Sola Scriptura was the reformers’ rejection of the infallibility of the Roman Catholic Church. The Church believed that its interpretation of the Word of God was infallible (or without error), and that it was the Church’s role alone to read and interpret the Scriptures. The reformers, however, believed that it was the duty of the Christian to read the Scriptures for himself and to make interpretations based on this first-hand reading, rather than taking the Church’s word for it. This notion of private interpretation was utterly scandalous to the Roman Catholic Church, and those who endorsed it were deemed by the Church as heretics.
The doctrine of Sola Scriptura goes even further, though. The reformers also wanted to make it clear that the 66 books of the Bible contained all that was necessary for salvation—it was the sole infallible rule of faith, and that no other revelation was needed for the Church. This dismissed all “other” forms of revelation (i.e. private revelations from God, angels, etc.) as unnecessary and subordinate to the Holy Scriptures.
Because the Bible contained all that is necessary for salvation, the reformers felt that whatever the Pope or the Roman Catholic Church in general taught and said had to be compared to what the Bible taught. In order to keep a check on the Church, the common people (or laymen) had to have the Scriptures translated in their own, common tongue. This, again, was scandalous to the Church, and those who were caught translating the Scriptures were imprisoned, burned at the stake, or punished in other horrible ways.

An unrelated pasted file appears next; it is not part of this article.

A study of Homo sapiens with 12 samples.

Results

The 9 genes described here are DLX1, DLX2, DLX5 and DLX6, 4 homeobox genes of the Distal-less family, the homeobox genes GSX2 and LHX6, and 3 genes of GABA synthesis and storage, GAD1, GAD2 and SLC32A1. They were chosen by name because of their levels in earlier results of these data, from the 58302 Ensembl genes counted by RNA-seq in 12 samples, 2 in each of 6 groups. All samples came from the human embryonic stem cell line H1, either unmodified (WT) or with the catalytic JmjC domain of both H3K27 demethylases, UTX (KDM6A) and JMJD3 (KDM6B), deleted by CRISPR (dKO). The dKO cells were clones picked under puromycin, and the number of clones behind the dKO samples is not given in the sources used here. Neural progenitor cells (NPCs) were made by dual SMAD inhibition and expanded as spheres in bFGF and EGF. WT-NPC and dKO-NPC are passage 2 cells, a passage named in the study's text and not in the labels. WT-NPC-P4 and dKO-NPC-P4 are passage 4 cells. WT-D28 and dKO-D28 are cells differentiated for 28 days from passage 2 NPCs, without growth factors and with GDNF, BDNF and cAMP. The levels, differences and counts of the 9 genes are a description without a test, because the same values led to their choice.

The traditions of the Church (no matter how customary or ingrained in the Church’s past they may be) also had to be checked with the Scriptures. Many of the Church’s traditions were declared unbiblical by the reformers, and hence the reformers arguably overcompensated by doing away with all traditions and symbols of traditions found in church worship.
It is important, also, to point out what Sola Scriptura isn’t. Namely, the doctrine does not claim that the Bible contains all knowledge. It is not a science textbook. It does not contain instructions on how to plant and grow daisies. The doctrine does not claim that all traditions are bad—only those whose roots cannot be found in the Scriptures. It does not deny the Church’s authority to teach God’s truth—only that the Church’s authority comes from and is subordinate to God’s Word.
Martin Luther sums up the doctrine with these words, spoken in his own defense at the Diet of Worms:
“Unless I am convicted by Scripture or by right reason (for I trust neither in popes nor in councils, since they have often erred and contradicted themselves)—unless I am thus convinced, I am bound by the texts of the Bible, my conscience is captive to the Word of God, I neither can nor will recant anything, since it is neither right nor safe to act against conscience. God help me. Amen.”